Three Fronts on the War Against Addiction
Many drug users have a drug of choice and believe they know what their body can handle before developing an addiction or suffering a potentially fatal overdose. But as the saying goes, “everything may not be as it seems.” This week we will focus on three different-but-connected topics: vaping, growth in Methamphetamine use, and a new regulator focus on manufacturer policies as contributors to a national epidemic. What connects these topics? The theme for the week is “addiction” and all three of these are linked with that theme.
First up is vaping which continues to gain popularity and has brought the risks of nicotine addiction in the younger generation into focus again. Most e-cigarette companies advertise their product as a tool to help smokers quit, but researchers say vapers are actually likely to cross over to traditional cigarettes. NBC reports that experts fear the high-nicotine content in trendy e-cigarettes may be creating a new generation of tobacco addicts. As an uptick in teenage vaping continues, researchers are studying ways to help this generation avoid a lifelong addiction to nicotine (or worse).
But vaping and its risks are only one challenge faced by those trying to help overcome the threats of addiction. While the opioid epidemic and new concerns over vaping monopolize the public’s attention, the abuse of methamphetamine, also known as meth or crystal meth has discreetly increased and is taking a toll. The Drug Enforcement Administration reports the price of meth is now at its lowest in recent history with street versions that are more than 90% pure — much higher than 10 years ago — and bring increased risks of rapid addiction. Like the opioid epidemic, meth is responsible for a number of overdose deaths or addicted users, taxing medical providers who have few tools to help users survive and recover. Some researchers are focused on delivering those badly needed tools.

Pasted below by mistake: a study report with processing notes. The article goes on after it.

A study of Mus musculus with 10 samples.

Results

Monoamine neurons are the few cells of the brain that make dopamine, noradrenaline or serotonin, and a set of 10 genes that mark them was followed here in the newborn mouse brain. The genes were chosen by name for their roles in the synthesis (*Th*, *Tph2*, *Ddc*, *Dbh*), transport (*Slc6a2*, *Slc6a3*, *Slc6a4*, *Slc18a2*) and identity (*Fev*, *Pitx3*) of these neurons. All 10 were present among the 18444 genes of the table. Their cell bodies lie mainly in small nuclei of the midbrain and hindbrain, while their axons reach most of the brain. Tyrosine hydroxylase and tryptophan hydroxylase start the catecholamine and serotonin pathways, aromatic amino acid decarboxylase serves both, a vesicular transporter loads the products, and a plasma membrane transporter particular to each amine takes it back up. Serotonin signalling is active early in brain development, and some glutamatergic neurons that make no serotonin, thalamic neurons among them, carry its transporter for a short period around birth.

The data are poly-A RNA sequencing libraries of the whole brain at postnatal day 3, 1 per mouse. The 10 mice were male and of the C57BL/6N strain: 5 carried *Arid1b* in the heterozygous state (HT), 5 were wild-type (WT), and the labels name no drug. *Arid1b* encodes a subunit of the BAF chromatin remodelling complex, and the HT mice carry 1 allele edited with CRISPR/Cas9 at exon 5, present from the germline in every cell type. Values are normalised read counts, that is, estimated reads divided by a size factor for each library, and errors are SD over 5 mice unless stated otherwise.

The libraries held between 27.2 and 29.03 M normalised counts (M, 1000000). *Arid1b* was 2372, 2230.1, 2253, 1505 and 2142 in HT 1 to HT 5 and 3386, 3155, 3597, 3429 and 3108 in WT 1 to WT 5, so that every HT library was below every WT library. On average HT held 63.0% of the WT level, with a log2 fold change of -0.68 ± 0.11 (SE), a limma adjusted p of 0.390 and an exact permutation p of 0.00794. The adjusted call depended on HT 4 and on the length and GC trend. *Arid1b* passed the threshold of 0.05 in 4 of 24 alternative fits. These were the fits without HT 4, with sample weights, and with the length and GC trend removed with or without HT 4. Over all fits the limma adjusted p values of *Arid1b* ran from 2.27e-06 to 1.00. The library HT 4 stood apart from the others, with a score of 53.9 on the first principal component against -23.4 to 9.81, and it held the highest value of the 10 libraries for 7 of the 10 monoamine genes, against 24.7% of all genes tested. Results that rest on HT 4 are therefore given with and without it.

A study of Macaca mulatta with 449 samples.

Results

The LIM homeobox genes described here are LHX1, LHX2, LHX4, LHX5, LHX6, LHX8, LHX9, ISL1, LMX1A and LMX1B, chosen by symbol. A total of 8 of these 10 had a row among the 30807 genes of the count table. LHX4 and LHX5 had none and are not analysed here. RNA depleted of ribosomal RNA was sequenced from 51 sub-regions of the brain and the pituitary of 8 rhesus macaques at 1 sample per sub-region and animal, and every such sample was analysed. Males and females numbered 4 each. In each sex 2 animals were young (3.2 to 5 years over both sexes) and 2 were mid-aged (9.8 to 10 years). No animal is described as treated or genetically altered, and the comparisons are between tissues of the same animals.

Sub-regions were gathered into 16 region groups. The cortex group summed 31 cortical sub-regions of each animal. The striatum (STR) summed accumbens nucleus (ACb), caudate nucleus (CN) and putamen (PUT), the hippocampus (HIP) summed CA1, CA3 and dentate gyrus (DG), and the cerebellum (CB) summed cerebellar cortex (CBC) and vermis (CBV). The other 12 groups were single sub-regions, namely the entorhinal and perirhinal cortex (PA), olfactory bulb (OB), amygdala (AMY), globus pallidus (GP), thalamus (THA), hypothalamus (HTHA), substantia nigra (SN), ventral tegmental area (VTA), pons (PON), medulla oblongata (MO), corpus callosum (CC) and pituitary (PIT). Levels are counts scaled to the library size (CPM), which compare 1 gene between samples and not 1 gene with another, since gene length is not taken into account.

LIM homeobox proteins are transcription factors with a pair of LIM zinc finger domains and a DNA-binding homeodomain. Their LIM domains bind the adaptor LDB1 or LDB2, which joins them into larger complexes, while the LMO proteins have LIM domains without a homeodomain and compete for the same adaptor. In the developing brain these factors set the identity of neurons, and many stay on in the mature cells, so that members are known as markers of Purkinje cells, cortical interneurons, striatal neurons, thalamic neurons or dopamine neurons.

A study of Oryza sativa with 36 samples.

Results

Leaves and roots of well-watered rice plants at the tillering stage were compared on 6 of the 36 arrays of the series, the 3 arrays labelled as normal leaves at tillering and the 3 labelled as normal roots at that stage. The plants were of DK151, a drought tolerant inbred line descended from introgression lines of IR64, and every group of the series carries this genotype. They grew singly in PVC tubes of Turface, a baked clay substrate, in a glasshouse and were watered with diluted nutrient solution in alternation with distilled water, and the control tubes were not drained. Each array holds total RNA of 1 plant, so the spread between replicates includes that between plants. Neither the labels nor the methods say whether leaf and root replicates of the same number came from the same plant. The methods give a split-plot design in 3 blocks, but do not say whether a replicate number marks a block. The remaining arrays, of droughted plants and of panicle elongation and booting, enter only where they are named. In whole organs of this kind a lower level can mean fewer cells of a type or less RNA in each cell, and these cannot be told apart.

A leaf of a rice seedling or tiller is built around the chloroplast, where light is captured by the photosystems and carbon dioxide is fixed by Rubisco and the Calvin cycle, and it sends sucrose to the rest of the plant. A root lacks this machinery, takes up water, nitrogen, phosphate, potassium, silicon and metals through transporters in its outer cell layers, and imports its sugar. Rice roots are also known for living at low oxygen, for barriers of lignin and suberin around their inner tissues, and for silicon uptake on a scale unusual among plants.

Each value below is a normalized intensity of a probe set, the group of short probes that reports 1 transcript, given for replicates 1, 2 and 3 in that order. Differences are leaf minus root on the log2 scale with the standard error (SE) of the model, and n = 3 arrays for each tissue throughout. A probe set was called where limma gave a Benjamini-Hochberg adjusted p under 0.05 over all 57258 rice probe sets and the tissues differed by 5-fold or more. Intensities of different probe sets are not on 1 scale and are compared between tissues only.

While methamphetamines are largely the product of illegal labs, opioids are taking a toll—ironically perhaps—on the businesses who manufacture them. While medical providers are trying to find tools to help combat meth addiction or find ways to discourage vaping by young people, regulators have turned their attention to, and turned the heat up on, opioid manufacturers. One such company, Boston-based Purdue Pharma, is under investigation for fueling the oxycontin addiction problem by deceiving patients and doctors about the risks of opioids. Their tactic of pushing prescribers to keep patients on the drug longer to boost profits have landed them and potentially their distributors in very hot water with regulators and the courts. This is a development worth watching as any disruption in the supply of opioids is almost certain to push users to alternative drugs.
Vaping Is Creating New Addicts
As the popularity of vaping continues to grow, new statistics show a troubling trend with teenager addiction riding a new wave to new “highs”.
Can Meth Addicts Be Helped?
Can researchers create a tool that can help to decrease the number of methamphetamine overdose deaths and new addicts in the face of rising use?